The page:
A former Eskom official has denied telling his colleague that Malusi Gigaba, in his capacity as public enterprises minister, had given them instructions to sponsor The New Age newspaper’s business breakfasts to the tune of R1m per session.
Eskom’s former divisional executive of corporate affairs, Chose Choeu, who has since retired from the power utility, disputed the colleague’s testimony before the state capture commission of inquiry.
On Tuesday, Pieter Pretorius, who is the acting general manager for strategic marketing and branding at Eskom, told the commission that he had a meeting with officials from The New Age who wanted the power utility to sponsor their business breakfasts, News24 reported.
He said he declined because the newspaper was not accredited with the Audit Bureau of Circulations.
But since it was a new entrant, he indicated that the power utility would consider advertising in the newspaper, which was owned by the controversial Gupta family.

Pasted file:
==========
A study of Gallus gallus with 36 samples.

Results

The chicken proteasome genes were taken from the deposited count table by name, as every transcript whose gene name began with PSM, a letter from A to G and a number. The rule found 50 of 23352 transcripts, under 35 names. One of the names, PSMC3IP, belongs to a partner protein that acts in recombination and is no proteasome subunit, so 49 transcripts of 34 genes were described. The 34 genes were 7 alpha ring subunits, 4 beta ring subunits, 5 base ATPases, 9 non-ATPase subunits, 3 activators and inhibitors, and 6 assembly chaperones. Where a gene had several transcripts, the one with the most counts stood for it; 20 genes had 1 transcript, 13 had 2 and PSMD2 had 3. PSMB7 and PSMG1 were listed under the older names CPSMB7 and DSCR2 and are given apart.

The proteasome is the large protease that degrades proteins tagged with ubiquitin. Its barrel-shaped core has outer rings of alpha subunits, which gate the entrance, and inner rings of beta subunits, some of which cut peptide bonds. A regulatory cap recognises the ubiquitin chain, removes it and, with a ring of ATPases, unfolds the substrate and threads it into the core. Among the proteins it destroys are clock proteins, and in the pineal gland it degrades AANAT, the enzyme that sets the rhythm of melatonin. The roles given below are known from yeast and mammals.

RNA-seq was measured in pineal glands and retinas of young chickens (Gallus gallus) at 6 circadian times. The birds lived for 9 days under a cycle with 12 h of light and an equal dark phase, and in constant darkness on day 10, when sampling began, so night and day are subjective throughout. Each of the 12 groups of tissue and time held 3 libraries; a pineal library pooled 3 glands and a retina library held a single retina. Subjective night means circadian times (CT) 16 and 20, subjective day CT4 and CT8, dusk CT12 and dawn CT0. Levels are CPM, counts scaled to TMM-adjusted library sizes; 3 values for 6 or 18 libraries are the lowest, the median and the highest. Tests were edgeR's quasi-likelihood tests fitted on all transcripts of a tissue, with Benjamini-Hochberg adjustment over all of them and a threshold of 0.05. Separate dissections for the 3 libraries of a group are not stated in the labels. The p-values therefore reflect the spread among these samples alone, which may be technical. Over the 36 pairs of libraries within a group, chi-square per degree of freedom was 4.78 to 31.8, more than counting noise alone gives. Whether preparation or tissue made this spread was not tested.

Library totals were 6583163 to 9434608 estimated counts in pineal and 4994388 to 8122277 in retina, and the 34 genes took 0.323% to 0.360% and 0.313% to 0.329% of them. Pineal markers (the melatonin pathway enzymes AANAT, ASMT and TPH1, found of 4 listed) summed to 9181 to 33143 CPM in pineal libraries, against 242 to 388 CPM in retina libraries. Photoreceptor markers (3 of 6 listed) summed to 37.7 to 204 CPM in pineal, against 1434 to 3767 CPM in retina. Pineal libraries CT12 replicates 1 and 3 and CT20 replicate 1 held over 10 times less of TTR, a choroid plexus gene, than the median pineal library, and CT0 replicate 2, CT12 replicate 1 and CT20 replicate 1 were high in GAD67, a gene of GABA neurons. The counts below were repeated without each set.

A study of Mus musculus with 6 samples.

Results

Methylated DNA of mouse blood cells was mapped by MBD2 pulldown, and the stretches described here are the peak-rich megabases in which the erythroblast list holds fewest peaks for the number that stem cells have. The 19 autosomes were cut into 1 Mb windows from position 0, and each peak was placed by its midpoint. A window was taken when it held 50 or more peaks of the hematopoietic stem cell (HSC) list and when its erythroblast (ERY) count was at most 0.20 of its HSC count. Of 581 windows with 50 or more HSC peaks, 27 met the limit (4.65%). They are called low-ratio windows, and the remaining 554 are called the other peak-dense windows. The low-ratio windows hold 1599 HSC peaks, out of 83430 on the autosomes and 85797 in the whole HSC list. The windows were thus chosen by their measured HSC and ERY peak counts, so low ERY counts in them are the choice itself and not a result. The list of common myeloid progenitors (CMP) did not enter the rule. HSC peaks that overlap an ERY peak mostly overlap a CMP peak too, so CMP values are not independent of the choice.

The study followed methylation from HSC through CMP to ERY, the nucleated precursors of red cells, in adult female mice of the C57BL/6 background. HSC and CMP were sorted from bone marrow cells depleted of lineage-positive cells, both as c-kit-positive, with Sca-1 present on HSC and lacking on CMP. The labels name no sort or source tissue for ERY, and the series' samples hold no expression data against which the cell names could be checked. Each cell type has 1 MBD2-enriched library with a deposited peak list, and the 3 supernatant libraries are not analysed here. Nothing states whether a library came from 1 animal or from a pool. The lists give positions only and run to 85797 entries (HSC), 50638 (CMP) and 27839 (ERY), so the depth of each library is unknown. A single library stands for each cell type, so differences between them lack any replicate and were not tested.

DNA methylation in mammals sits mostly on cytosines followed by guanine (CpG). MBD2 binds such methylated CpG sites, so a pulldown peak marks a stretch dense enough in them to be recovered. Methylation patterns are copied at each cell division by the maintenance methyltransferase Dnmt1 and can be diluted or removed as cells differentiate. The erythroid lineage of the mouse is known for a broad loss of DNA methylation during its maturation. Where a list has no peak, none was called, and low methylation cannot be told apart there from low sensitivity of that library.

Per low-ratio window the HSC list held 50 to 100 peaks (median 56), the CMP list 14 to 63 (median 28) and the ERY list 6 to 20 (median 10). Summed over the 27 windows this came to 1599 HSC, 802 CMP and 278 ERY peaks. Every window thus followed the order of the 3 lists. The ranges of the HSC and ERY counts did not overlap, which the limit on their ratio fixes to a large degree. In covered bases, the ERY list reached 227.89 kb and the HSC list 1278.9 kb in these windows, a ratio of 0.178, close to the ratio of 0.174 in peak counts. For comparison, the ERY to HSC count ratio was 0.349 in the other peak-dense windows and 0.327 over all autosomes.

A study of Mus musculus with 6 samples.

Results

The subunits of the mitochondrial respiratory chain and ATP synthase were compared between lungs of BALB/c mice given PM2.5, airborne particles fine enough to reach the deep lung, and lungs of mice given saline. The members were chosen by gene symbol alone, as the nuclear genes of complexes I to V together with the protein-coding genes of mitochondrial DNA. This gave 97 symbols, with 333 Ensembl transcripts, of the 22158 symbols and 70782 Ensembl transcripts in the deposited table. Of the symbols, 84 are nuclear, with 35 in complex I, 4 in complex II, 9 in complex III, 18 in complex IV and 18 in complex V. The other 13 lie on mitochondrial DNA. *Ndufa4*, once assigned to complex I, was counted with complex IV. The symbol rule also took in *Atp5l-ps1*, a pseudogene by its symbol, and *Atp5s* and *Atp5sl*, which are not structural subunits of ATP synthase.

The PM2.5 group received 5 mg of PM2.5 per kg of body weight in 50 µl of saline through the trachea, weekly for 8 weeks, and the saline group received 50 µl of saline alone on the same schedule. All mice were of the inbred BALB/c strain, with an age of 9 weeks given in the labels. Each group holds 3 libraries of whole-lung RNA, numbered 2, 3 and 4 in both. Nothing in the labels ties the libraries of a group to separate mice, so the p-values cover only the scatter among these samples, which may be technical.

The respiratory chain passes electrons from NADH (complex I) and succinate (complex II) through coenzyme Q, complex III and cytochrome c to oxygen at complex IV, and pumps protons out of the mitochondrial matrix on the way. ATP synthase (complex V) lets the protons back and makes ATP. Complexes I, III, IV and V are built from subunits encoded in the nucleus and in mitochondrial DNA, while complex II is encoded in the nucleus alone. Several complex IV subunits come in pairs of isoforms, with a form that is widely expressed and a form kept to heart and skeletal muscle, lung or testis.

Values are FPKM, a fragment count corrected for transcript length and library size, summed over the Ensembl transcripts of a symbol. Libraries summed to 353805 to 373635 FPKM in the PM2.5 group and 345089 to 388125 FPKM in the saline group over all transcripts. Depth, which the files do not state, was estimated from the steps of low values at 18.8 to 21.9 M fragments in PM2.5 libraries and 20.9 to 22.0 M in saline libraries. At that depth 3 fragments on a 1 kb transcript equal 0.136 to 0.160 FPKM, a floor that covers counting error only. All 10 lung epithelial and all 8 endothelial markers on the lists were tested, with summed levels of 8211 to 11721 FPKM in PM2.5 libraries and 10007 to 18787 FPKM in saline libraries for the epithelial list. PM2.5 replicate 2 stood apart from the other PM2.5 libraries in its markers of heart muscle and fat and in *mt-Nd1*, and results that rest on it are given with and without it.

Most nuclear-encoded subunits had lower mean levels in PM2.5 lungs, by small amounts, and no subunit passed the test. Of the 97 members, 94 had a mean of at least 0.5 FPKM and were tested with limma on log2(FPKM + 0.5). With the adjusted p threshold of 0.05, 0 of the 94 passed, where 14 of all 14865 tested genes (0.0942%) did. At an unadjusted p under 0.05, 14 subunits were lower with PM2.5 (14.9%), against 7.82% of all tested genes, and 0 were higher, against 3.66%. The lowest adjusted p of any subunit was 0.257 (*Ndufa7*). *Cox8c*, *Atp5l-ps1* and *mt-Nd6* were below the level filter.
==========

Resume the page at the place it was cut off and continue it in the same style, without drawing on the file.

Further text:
Pretorius said he raised his concerns about sponsoring the newspaper with Choeu, who then told him the contract should be concluded.
Pretorius quoted Choeu as saying: “Pieter, it is an instruction, it comes from the minister. [Former Eskom CEO] Brian Dames had told us that you will do this’.”
However, Choeu disputed this on Wednesday. When asked if Pretorius made it up, Choeu said: “Most definitely.”
He said he informed Pretorius that the contract should be concluded with TNA to support the publication and that was an instruction from the CEO.
Choeu also said if Pretorius felt “so strongly” about the sponsorship, he would have his bosses discuss it.
In an affidavit submitted to the commission, which was read out during Pretorius’ testimony on Tuesday, Gigaba denied giving anyone instructions to enter into the contract with the newspaper.
But Pretorius insisted that the former minister “interfered with the operations of the business on many occasions”, especially during load shedding.
“There would be no possible reasons for Mr Dames or Mr Choeu to force me to go into a contract, other than an instruction from someone higher up,” he said.